9 Tips for Helping Grade-Schoolers Cope With Test Anxiety
Lexi Walters Wright
Does your grade-schooler get overly stressed on test days? Not all stress is bad.
Good stress pumps us up and can help us perform well. But too much stress can give way to
anxiety and fear that get in the way of kids showing what they know. If you’re noticing test anxiety, try these tips to help your child feel more at ease with test taking.
1. Ask your child what’s making him feel nervous.
Help your child pinpoint what’s causing the anxiety. Is it that multiplication is too hard? Is filling in the bubbles on the test sheet the hard part? Often just saying what’s happening out loud can bring some relief. And understanding what the concerns are can help both of you come up with strategies.
As you talk, try not to let your child’s anxiety make you feel anxious. If you’re calm, it can help your child stay calm, too.
2. Give him a sneak peek at test formats.
Knowing what to expect can take away some of your child’s fear of the unknown on quiz or test day. Check in with your child’s teacher about the schedule and format for both short quizzes and longer tests. Try to get a sample of each type of quiz and test. Then review each sample with your child. (“This is the word bank. These are fill-in-the-blank questions.”)
3. Help him prepare little by little.
Studying in chunks can help make the task more manageable—and that could help make your child less nervous. Once you know when your child’s tests will be, work backwards to schedule daily study times. Say your first grader has a 20-word spelling test every Friday. You can study 10 new words on Monday. On Tuesday, you can study the other 10 new words. Then review all 20 words on Wednesday, Thursday and Friday before school.
4. Find study methods that are comfortable for him.
learning strengths can help you figure out how he feels comfortable studying. He may like using flashcards. Or maybe he prefers moving around while he recites facts. Work with your child to come up with a study method that feels right for him. You can also ask your child’s teacher for ideas, based on her experience with your child.
Some kids may have test anxiety because they don’t understand the basics of taking tests. Going over simple strategies can help. Remind him to first read through the questions carefully. Next, he can think, “What am I being asked to do here? Circle an answer? Write a paragraph?” Last, always check the answers before handing in the test.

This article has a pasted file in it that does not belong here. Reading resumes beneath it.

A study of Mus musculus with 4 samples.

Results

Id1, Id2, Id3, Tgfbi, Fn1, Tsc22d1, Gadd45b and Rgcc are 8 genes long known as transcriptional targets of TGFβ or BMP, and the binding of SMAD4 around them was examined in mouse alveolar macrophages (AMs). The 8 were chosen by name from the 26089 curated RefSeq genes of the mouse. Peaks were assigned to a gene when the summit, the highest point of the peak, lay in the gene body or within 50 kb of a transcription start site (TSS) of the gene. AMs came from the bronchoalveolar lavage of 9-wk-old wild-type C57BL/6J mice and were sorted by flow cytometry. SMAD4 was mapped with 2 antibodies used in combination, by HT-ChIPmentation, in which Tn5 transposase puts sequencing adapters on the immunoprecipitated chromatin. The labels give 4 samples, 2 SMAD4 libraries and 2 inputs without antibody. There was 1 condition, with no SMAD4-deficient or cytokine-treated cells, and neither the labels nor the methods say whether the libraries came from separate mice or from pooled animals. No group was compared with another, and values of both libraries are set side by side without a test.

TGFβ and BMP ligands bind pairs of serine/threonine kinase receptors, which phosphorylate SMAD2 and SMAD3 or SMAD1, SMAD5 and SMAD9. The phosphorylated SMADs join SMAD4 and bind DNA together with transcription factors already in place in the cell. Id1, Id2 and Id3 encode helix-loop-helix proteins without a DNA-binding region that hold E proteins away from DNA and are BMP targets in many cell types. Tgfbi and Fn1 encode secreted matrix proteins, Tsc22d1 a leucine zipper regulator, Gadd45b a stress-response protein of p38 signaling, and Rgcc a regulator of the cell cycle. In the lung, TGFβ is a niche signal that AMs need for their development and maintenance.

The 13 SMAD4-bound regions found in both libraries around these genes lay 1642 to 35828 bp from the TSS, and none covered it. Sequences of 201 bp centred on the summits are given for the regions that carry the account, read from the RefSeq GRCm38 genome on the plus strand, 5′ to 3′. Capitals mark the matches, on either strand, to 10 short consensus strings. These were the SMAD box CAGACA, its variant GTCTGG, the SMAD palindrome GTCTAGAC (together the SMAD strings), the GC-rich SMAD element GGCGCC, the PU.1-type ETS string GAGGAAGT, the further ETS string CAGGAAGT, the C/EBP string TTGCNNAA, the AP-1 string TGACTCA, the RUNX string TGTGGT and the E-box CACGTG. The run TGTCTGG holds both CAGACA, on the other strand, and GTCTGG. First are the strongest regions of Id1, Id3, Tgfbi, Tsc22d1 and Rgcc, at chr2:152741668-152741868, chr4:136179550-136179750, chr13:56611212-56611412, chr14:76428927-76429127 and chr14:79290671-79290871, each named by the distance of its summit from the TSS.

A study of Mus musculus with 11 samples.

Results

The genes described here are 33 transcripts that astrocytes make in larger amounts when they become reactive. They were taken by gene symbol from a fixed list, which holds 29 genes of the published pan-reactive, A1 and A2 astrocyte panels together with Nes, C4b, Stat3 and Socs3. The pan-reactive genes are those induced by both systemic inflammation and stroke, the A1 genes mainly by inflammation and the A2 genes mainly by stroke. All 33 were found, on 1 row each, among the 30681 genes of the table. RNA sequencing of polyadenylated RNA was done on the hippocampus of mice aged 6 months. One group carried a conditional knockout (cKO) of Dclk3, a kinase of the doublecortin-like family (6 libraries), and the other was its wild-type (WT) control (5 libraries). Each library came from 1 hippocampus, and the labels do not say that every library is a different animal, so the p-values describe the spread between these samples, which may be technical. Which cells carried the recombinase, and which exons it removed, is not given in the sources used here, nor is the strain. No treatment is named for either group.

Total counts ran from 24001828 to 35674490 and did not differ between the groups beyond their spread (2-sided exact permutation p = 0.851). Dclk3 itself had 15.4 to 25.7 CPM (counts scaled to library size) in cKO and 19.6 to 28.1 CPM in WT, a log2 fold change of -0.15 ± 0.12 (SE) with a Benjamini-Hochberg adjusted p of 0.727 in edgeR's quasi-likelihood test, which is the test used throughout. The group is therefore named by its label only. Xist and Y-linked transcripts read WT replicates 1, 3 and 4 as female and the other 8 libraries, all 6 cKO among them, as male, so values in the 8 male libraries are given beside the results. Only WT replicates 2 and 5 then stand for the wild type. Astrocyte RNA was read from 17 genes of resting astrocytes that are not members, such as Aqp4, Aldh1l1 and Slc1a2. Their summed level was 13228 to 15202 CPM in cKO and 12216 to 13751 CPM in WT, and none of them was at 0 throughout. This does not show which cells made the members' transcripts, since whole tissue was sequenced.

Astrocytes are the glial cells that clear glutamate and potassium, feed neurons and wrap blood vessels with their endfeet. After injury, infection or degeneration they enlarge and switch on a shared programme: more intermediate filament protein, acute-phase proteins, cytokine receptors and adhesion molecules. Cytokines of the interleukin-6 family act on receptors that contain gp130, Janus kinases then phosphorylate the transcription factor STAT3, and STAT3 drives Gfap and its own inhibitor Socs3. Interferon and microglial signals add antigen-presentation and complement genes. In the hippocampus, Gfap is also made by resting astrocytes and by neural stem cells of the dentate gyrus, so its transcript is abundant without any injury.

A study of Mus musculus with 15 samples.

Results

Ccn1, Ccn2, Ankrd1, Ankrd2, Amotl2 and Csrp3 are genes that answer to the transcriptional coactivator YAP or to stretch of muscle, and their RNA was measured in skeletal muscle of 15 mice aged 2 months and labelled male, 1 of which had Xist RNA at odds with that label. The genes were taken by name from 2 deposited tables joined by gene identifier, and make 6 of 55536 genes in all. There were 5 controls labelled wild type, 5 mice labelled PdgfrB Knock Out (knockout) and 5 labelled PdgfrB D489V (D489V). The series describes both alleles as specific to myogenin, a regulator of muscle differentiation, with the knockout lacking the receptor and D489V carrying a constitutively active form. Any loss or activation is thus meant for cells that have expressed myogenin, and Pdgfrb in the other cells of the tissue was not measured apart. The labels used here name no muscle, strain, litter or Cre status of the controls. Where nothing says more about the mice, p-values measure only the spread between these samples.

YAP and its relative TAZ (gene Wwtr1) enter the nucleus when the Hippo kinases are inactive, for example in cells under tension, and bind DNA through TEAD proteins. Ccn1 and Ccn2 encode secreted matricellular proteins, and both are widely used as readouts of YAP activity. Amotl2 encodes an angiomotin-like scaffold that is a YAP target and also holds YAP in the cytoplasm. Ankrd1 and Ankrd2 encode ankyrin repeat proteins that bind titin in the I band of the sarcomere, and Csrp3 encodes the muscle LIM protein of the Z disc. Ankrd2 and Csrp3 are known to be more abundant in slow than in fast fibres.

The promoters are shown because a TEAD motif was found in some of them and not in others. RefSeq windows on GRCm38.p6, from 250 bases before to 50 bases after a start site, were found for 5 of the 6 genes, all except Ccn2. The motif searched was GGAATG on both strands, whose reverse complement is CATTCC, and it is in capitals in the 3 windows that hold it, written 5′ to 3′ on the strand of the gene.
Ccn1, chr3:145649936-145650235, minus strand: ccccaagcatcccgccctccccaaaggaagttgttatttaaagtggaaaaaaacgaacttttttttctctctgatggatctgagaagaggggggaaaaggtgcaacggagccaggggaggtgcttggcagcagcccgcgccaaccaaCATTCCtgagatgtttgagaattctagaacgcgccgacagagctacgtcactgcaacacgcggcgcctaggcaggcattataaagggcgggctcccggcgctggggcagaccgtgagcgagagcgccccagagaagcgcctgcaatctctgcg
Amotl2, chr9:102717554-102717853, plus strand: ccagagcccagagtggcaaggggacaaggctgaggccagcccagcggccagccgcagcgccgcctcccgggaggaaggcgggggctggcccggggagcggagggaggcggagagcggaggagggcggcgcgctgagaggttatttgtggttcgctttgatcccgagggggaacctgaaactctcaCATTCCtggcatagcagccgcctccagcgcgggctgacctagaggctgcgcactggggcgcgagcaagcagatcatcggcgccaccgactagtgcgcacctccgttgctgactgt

You can also talk about strategies for tricky questions. For instance, tell your child it’s OK to skip a tough question and move on to an easier one. He can go back to it later.
6. Boost his confidence.
Giving honest and specific praise can remind your child that he can have success no matter what the outcome of the test is. Success doesn’t have to mean a perfect score. Just doing a good job of preparing is already a win. So if you notice he’s working hard on preparing for a test, let him know. Hearing this can help him approach tests with more confidence. Praise his efforts on daily homework and activities outside of school, too. This can help him remember past successes when he’s feeling anxious.
If your child has an
accommodations on tests, remind him what they are and that they’re available. Knowing his supports are in place may help him feel more at ease. If he’s using an accommodation for the first time, talk him through how it will help him during a test.
If your child doesn’t have an IEP or a 504 plan, consider talking to his teacher about informal supports that could help. And make sure the teacher is aware that your child gets anxious about tests. She might be willing to sit down with him before a test and reassure him. It can help your child feel less anxious if he knows the teacher understands and is supportive.
Talking to your child about how he handled tests can help him feel more in control. After a test, ask him how it went. Did he feel prepared? Was there anything he wishes he’d studied more or harder? (You can also talk about this when he gets the graded test back.) This can help him learn to make his own decisions about how to prepare for tests in the future: “Before the unit test, I should practice using my vocabulary words in a sentence.” Taking action can help him feel more in control of the situation. And that could reduce test anxiety going forward.